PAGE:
Nickolas “Nick” Davatzes, CEO Emeritus of A+E Networks who developed and launched A&E Network and History Channel, died Aug. 21 at his home in Wilton, CT at the age of 79. His cause of death is not being disclosed.
Davatzes, one of the architects behind the boom of the cable network business in the 1980s, 1990s and early 2000s, joined what would become A+E Networks in December 1983 following the merger of the Entertainment Network, owned by RCA and the Rockefeller family and the ARTS Network, owned by Hearst and ABC. He was a founder of A&E Network, creating and developing the channel in 1984 as the Arts & Entertainment Network. He went on to found and launch The History Channel in 1995. Davatzes served as President and CEO of A+E Networks, a joint venture of Hearst Communications and Disney-ABC TV Group, a unit of The Walt Disney Co., from 1983 until 2005, expanding the company’s footprint from one network to a portfolio that currently reaches 350 million households and 180 territories around the world across multiple platforms.
NYC Central Park Concert Halted Mid-Song Due To Rain And Lightning Threat
“Nick was a towering figure in the early days of cable television, helping build some of the most iconic brands in the media landscape,” said Bob Iger, Executive Chairman of The Walt Disney Company. “An incredible leader, Nick was a person of true integrity and was always a wonderful partner to all of us at Disney.”
Davatzes was a leader in advocating for education and public affairs initiatives in the cable industry and was honored with numerous awards for his commitment to education and corporate social responsibility. In November 2006, President George W. Bush presented Davatzes with the National Humanities Medal in recognition of his contributions to the humanities.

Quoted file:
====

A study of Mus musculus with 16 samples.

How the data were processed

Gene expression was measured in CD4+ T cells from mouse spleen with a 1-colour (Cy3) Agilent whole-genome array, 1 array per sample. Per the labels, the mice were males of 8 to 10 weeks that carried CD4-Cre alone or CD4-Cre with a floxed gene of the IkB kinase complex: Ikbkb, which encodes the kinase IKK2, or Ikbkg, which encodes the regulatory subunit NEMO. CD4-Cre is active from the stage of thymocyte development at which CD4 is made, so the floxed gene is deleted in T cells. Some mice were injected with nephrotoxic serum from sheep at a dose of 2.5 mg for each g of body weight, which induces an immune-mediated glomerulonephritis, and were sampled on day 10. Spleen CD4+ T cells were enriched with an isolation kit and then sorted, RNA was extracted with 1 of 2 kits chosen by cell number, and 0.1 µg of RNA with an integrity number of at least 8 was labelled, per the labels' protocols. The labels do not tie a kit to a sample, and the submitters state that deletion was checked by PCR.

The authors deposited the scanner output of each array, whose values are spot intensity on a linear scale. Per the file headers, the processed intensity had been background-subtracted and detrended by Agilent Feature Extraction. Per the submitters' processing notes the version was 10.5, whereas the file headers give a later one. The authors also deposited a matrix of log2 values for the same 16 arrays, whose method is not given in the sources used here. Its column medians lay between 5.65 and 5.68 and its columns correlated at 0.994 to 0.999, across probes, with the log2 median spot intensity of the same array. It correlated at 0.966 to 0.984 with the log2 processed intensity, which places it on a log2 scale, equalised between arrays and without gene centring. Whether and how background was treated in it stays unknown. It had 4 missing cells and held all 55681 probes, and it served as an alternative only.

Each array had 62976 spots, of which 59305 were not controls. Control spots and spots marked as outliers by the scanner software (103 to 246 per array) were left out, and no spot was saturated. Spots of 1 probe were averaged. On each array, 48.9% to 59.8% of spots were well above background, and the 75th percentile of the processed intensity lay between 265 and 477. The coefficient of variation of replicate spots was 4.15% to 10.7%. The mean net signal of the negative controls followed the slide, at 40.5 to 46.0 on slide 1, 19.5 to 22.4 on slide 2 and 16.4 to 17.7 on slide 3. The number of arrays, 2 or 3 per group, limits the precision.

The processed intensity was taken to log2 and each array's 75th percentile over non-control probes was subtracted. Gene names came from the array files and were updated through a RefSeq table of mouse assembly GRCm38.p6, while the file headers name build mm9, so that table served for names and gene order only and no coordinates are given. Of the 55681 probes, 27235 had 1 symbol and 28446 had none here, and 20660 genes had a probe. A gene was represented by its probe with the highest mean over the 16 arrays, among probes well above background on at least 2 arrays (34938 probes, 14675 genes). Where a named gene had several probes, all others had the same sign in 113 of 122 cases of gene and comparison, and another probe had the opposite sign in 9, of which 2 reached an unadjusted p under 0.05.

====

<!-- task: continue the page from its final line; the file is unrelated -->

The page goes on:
“Nick Davatzes made an indispensable contribution to the growth and success of A+E,” said Frank A. Bennack Jr., executive vice chairman and former CEO of Hearst. “Additionally, if any individual can be thought of as the father of The History Channel, the highly successful franchise born out of A+E, it was Nick.”
Davatzes was succeeded by Abbe Raven as CEO of A+E Networks in 2005. The company he set up for growth expanded further with the addition of the Lifetime brands in 2009.
“Nick was an incredible leader, innovator, mentor, and humanitarian. As the first CEO of A+E Networks and a pioneer in the cable industry, he set the standard for excellence in television programming, integrity in business and extraordinary leadership. His drive and passion for quality programming led A&E and The History Channel to become leading brands, along with iconic programs such as Biography, in the U.S. and across the globe,” Raven said. “He was my mentor, champion and dear friend and I, along with so many, will miss him dearly. He was deeply loved and admired by all who had the honor to know him.”
A U.S. Marine Corps veteran, Davatzes was an advocate for veterans and military families and was the recipient of the Marine Corps Historical Foundation Heritage Award for his support to the foundation. In December 2000, Davatzes and The History Channel were honored by the U.S. Navy Memorial Foundation with the “Lone Sailor” Award. In 1996, Davatzes was honored by the Cable Television Public Affairs Association (CTPAA) with its annual President’s Award for his commitment to public outreach and educational initiatives.
“Nick was an extraordinary person and leader, and one of the true giants of the cable industry,” said Paul Buccieri, President and Chairman, A+E Networks Group. “He leaves a tremendous legacy of support for education and the humanities. Nick is at the heart of everything that is A+E Networks and was the soul of our organization. All of us owe a great debt to Nick and he will be sorely missed.”
The son of Greek immigrants, Davatzes was born on March 14, 1942 in New York City. He graduated from St. John’s University. After 12 years with Xerox he was recruited to work for Gus Hauser at Warner Amex, which owned cable systems and programming services and where MTV and Nickelodeon were created. There, Davatzes learned the basics of the cable business he would later apply at A+E.
Davatzes is survived by his wife Dorothea Hayes Davatzes; son George (Geody) Davatzes and his wife Jennifer Davatzes; son Dr. Nicholas Davatzes and his wife Dr. Alexandra Davatzes; and grandchildren Julia, Nicholas, Elias and Lilly. Davatzes is predeceased by his son Christopher Davatzes.